Today in street news, New York is getting more of those audible walk signs (their official name? “Accessible Pedestrian Signals”) that make a clicking noise when it’s O.K. for you to cross the street. This is to help elderly and sight-impaired New Yorkers (as well as, we’re thinking, people who don’t want to look up from their text messaging), and will debut at 25 more intersections — they’re already at 21 — according to Transportation Commissioner Janette Sadik-Khan’s announcement yesterday. In related news, the state is no longer requiring New Yorkers to pass an eye test before renewing their driver’s licenses.
Instead, when renewing, people will be asked to confirm that they can see what’s on the road. Only the first license will require the vision test. This is actually reverting to an old policy, in place from 1993 to 2000, in which, the New York Times reports, “renewers didn’t need to pass any vision testing and the agency said in a statement that eliminating the test had ‘no negative impact on traffic safety’.” (Doctors, for the record, say otherwise.)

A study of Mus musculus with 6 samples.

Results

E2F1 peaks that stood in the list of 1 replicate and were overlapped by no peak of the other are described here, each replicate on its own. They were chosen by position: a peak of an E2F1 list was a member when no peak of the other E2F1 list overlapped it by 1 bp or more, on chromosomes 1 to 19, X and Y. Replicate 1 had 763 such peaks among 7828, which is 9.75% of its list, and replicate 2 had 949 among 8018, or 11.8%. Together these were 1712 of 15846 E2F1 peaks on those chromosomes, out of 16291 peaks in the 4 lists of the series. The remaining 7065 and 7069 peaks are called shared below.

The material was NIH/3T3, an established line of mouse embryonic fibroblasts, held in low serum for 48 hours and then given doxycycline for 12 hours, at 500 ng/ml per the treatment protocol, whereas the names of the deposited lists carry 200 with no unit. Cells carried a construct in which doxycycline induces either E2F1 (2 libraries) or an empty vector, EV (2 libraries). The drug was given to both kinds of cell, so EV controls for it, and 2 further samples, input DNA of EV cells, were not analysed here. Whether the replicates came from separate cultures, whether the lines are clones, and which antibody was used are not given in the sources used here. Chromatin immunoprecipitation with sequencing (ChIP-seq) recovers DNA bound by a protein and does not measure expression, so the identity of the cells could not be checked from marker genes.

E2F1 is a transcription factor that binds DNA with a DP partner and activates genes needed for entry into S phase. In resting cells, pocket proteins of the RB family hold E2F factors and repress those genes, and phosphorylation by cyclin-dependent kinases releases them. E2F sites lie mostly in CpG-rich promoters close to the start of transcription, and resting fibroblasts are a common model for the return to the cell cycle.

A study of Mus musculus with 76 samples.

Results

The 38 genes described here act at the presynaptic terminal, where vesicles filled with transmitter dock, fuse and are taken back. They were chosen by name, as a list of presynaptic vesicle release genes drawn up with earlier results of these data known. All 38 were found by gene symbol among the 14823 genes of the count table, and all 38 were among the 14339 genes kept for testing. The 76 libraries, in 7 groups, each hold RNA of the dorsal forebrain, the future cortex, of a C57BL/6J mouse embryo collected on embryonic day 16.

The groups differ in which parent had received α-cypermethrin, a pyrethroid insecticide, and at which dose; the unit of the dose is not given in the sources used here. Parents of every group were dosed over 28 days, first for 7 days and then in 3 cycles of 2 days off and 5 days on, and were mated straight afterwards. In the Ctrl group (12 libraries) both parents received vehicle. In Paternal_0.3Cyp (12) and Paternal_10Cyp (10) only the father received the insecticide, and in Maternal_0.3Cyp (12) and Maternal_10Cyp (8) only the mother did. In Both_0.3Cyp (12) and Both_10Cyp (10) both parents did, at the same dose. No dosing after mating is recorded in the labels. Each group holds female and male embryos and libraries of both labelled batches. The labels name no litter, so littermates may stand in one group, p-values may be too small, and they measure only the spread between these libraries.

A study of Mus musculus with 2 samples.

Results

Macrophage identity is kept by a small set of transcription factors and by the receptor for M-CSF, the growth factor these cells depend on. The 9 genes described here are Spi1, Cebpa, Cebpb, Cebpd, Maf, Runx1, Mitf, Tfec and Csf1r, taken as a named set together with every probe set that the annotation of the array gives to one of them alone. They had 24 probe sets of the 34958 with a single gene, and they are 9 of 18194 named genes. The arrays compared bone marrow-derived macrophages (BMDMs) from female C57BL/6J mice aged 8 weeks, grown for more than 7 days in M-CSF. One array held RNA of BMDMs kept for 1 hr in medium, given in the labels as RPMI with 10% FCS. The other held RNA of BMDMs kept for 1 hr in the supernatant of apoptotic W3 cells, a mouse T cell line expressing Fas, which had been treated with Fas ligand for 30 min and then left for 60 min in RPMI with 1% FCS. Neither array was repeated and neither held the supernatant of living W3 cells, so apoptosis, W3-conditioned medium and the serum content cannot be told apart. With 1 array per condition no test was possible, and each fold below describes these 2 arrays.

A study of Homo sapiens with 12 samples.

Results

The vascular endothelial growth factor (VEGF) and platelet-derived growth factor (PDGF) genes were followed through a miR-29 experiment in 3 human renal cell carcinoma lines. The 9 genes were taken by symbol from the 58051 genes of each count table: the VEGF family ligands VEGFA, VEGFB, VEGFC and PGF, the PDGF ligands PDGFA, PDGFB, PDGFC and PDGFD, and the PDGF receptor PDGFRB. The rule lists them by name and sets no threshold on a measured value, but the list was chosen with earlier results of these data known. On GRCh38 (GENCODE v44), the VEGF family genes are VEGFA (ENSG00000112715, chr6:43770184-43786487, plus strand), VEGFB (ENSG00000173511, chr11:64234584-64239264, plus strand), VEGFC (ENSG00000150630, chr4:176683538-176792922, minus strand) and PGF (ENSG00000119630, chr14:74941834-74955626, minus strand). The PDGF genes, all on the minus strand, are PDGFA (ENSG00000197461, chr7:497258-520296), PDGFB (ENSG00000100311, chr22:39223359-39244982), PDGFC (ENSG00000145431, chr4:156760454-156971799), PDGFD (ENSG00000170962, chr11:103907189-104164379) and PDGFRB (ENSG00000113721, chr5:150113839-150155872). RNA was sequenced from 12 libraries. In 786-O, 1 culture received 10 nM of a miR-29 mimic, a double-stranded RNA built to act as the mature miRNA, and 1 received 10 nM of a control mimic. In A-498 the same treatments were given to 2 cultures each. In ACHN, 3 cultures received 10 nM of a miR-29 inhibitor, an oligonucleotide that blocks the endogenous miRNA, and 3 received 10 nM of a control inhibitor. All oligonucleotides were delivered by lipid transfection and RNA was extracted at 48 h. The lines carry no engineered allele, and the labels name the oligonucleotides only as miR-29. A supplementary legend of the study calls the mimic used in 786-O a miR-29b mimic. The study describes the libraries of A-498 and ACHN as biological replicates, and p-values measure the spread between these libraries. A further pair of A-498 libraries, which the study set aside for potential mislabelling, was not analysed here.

Cutting the vision test for renewals is being touted as a way to streamline the DMV process and the budgets, and to make it possible to more easily renew licenses online or by mail. And how many of us just guess on those eye charts anyway, or memorize them so we don’t have to actually wear our glasses?
It almost seems like these two moves could cancel each other out, but maybe the idea is that questionably sighted New York drivers can just listen for the audible walk signs to instruct them on whether to brake or hit the gas. Yes, that’s it. Streamlining!